Cheating (in) the System

6 August 09

So tired today. It may be the teaching of backward design. It may be the fact that I made the mistake of wearing long pants and the room I was teaching in had no air flow to speak of. It may be any  number of things. My money is on the idea that we’ve been going for about 5 weeks now and there are bound to be days that are more difficult than others.

Today was that day.

I’d been told that some teachers will purchase pre-written exams and administer them to their learners without reading the contents. This, I was told would lead to learners attempting to answer questions about material they hadn’t learned or even encountered in class. Try as they might, many would fail and need to repeat a class because their teacher was too lazy to write a decent exam.

I hadn’t believed it when I’d heard it.

When discussing the importance of designing assessment in Stage 2 of the Understanding by Design process, I repeated the story I’d heard.

“Does this really happen?” I asked.

“It does,” some responded while the others simply shook their heads at their lesser colleague’s actions.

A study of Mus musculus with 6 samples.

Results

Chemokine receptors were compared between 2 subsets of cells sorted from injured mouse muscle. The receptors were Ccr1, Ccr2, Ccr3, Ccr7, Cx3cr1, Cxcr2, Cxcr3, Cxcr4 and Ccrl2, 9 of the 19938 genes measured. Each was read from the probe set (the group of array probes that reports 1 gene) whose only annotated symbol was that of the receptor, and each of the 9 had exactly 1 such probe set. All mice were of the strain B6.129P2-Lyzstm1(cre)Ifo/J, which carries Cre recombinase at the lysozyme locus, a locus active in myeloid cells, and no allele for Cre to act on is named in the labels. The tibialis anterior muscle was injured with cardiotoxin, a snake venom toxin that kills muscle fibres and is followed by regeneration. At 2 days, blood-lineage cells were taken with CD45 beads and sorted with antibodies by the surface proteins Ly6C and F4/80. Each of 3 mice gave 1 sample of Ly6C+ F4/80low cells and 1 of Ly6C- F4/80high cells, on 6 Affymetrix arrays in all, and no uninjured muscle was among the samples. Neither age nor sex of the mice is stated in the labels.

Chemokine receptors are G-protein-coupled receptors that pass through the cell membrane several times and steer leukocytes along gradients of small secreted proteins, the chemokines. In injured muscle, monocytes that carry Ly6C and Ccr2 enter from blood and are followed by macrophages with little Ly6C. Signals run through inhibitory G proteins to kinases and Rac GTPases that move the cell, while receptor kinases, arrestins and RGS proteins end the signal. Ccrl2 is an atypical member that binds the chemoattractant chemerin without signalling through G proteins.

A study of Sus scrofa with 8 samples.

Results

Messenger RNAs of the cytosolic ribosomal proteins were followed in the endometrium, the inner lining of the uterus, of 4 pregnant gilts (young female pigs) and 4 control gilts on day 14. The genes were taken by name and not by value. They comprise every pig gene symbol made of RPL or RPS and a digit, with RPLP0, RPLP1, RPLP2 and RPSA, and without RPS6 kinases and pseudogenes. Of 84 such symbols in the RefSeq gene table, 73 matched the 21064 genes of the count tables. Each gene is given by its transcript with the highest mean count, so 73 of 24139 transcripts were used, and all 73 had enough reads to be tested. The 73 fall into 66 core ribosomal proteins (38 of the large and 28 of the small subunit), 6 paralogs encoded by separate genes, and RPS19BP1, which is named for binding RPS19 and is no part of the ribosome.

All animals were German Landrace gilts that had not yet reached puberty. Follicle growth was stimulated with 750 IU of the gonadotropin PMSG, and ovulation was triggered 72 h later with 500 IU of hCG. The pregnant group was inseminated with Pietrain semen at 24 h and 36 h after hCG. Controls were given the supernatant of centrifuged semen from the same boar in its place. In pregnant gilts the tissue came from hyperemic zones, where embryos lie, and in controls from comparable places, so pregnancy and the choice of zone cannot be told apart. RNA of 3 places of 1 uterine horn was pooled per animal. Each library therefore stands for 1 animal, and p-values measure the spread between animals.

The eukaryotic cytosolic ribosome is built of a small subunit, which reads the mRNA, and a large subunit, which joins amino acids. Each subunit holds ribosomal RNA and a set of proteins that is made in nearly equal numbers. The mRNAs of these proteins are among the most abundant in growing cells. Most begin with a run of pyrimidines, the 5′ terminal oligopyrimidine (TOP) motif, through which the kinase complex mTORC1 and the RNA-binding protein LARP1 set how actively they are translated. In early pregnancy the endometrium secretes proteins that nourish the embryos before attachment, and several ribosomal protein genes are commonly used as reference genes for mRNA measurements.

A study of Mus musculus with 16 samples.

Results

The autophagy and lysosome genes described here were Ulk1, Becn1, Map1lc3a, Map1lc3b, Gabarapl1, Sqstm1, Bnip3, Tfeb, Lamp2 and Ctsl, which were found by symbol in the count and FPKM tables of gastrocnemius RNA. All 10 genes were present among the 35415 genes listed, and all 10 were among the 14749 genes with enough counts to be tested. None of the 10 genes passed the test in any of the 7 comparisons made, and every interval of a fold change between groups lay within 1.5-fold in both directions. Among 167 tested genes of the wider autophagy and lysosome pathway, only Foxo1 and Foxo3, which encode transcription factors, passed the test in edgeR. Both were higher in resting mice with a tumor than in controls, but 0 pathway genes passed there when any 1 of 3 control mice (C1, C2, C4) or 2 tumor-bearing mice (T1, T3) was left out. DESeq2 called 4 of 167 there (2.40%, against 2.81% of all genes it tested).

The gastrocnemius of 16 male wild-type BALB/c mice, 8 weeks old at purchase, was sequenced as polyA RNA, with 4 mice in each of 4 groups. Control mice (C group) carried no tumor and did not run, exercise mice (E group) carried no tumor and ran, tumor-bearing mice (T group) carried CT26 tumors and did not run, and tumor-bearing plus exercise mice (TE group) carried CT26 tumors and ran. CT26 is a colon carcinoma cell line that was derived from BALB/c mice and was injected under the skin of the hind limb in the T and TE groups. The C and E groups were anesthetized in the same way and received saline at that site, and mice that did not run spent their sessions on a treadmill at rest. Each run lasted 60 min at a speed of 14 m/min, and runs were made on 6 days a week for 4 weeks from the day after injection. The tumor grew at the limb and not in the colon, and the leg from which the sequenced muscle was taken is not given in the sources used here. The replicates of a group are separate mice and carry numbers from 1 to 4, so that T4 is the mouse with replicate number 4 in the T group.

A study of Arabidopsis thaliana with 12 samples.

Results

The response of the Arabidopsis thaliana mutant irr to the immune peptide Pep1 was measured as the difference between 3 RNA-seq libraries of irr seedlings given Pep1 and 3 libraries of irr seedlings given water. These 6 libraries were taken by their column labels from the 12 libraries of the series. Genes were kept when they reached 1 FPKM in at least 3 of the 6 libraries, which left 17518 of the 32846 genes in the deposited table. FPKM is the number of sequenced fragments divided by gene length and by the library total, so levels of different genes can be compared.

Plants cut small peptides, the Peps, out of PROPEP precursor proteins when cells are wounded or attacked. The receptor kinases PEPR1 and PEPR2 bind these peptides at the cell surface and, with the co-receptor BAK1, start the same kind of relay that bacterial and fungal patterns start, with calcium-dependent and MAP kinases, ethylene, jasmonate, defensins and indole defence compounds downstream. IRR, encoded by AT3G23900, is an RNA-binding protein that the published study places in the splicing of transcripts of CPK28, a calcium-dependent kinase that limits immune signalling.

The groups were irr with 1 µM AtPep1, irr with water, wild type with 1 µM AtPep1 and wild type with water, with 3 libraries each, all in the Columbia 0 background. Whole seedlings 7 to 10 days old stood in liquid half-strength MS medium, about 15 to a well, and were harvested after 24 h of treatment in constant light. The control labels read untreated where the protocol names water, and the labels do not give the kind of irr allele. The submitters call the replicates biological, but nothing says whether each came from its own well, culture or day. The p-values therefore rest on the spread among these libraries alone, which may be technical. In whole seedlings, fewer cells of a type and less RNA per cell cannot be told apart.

I suppose my main ire is at the idea that, if you’re going to be an exam-centered educational system, at least do it well. Have a system you can be proud of or at least defend.

I’ve started to identify in some inexplicable way with belonging here. The unexpected affirmation of what I’d heard from my colleagues made me angry. Too much stands in the way of education for teachers to be pulling a bait and switch because they can’t bothered to do their jobs. More than just this, I think I’d enjoyed the idea that the similarities I’ve found between the South African, Kenyan, Canadian and American educational systems ended with what we do right. I didn’t want a reminder that our lowest common denominators are, indeed, common.

Maybe I’m just tired, and I should remind myself of the teachers here this week and their seemingly endless dedication, curiosity and hope for being able to do even better by their students.